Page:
In this article, you will get all the information regarding Small ‘army’ of volunteers providing Meals on Wings to those in need
JACKSONVILLE, Florida. – Inflation, job loss and disability are some of the reasons many seniors in our community are simply unable to pay for or cook their own meals. Many have called Meals On Wheels for help, but the need is far too great.
Some are placed on a waiting list, but that “gap” has been filled over the past four years by Meals on Wings, a program made up of University of North Florida students and employees.
At first, Meals on Wings only served 25 seniors, but the pandemic and inflation have increased that need to point the program, which packages meals for seniors on the waiting list, now serves nearly 250 customers. .
“The SNAP benefits don’t go as far as they used to because they get a fixed amount each month, until that month adjusts due to inflation, they don’t get as much,” Meghan Niemczyk explained. , Chief Advisor of Meals on Wings. “I get people calling me, they don’t have food and it breaks my heart. So, I think it’s important for all of us to remember that there are people who are struggling.
Meals on Wings co-director Jen Ross said the food was donated and would otherwise be wasted.
“We get meals from local hospitals, the Baptist system, St. Vincent’s and UF Health,” she said.
These are meals that are prepared for hospitalized patients. These patients are given meal options when they are admitted to the hospital. Often there are meals left over. These meals are intact, ready to be served.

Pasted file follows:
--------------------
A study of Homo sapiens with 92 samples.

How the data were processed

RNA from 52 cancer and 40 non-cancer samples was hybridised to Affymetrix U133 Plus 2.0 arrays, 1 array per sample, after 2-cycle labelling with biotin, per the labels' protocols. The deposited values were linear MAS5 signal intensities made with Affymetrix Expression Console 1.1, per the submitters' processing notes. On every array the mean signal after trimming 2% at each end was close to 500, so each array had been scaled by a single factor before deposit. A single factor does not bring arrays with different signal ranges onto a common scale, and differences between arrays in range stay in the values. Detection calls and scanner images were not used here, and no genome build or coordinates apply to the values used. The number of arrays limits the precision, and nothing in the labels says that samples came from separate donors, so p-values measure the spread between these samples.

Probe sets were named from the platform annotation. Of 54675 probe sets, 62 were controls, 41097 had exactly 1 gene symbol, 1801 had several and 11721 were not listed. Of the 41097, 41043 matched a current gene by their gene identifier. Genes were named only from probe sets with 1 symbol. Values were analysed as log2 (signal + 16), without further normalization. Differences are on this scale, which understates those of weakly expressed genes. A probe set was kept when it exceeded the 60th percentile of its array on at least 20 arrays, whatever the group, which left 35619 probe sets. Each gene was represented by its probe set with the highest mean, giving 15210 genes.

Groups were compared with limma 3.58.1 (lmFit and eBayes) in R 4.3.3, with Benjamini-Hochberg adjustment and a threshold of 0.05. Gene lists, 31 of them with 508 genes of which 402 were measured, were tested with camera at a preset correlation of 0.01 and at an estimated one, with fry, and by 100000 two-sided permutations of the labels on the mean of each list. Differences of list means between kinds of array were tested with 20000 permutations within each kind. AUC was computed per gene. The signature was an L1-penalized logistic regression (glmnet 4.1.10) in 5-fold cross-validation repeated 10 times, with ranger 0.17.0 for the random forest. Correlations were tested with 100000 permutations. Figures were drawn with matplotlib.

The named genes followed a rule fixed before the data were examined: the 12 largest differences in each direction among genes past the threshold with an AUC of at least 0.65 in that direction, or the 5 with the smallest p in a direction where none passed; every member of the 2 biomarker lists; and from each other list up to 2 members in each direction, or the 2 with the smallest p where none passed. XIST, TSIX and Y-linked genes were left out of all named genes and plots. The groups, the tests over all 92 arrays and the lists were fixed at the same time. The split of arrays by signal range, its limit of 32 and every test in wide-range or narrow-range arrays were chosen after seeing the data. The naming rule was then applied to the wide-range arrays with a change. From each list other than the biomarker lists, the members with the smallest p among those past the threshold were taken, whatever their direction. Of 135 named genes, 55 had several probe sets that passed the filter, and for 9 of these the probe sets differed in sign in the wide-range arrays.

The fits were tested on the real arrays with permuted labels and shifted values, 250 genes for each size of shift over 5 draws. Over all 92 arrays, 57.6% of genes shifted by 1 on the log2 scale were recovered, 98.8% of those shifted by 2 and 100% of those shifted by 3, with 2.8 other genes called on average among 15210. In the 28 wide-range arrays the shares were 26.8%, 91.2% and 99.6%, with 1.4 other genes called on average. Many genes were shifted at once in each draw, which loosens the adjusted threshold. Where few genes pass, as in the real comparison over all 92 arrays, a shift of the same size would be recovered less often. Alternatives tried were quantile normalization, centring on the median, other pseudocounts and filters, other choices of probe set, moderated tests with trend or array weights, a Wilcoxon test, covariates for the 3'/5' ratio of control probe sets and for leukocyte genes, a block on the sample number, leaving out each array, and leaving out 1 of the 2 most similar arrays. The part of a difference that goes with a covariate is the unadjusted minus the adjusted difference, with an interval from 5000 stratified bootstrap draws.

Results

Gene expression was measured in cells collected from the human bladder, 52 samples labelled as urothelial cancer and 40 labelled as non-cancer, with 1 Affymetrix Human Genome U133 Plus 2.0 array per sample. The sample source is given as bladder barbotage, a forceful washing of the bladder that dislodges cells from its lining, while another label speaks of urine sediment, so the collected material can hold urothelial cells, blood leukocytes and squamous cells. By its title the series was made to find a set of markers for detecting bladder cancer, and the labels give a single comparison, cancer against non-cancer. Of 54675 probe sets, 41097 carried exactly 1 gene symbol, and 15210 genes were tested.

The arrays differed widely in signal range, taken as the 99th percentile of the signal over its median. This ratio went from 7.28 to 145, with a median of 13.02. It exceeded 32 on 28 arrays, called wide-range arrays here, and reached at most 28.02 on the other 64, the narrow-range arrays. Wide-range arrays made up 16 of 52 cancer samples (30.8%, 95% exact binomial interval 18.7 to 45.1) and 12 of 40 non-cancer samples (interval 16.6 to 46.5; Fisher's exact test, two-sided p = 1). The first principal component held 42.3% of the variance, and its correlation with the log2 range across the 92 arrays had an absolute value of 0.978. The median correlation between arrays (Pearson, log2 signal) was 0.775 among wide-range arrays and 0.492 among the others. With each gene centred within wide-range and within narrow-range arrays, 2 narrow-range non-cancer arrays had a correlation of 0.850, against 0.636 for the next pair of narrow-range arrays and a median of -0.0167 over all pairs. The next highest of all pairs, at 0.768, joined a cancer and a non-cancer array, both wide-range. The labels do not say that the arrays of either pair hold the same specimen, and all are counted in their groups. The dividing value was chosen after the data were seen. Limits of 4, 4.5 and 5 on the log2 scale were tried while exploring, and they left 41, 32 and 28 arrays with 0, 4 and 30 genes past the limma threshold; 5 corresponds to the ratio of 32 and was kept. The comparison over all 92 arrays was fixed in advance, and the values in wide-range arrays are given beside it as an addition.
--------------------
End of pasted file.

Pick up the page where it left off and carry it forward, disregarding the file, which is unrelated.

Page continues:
Students at UNF’s College of Health, Nutrition, and Nursing pick them up from the hospital, bring them back to the college kitchen, and then package them up for delivery to the elderly.
Ross said they deliver “four meals, a fresh salad and fruit once a week” to each of their customers.
The Meals on Wings program is unique in that it does not involve canned food.
“With my training as a chef, I am very attentive to the appearance of meals. I want them (the customer) to open their meal and feel like it was made for them,” Niemczyk said.
Colleen Lightfoot, a customer, said the meals saved her life.
“It’s hard. I can’t go to the store anymore,” she said from her wheelchair after opening the door to a college student who delivered her Thanksgiving meal.
Lightfoot started receiving meals about two months ago. She said if it wasn’t for the program, she would eat cereal.
“Thank you, thank you, thank you,” she told the student who delivered her meal.
If you would like to learn more about the Meals on Wings program, Click here.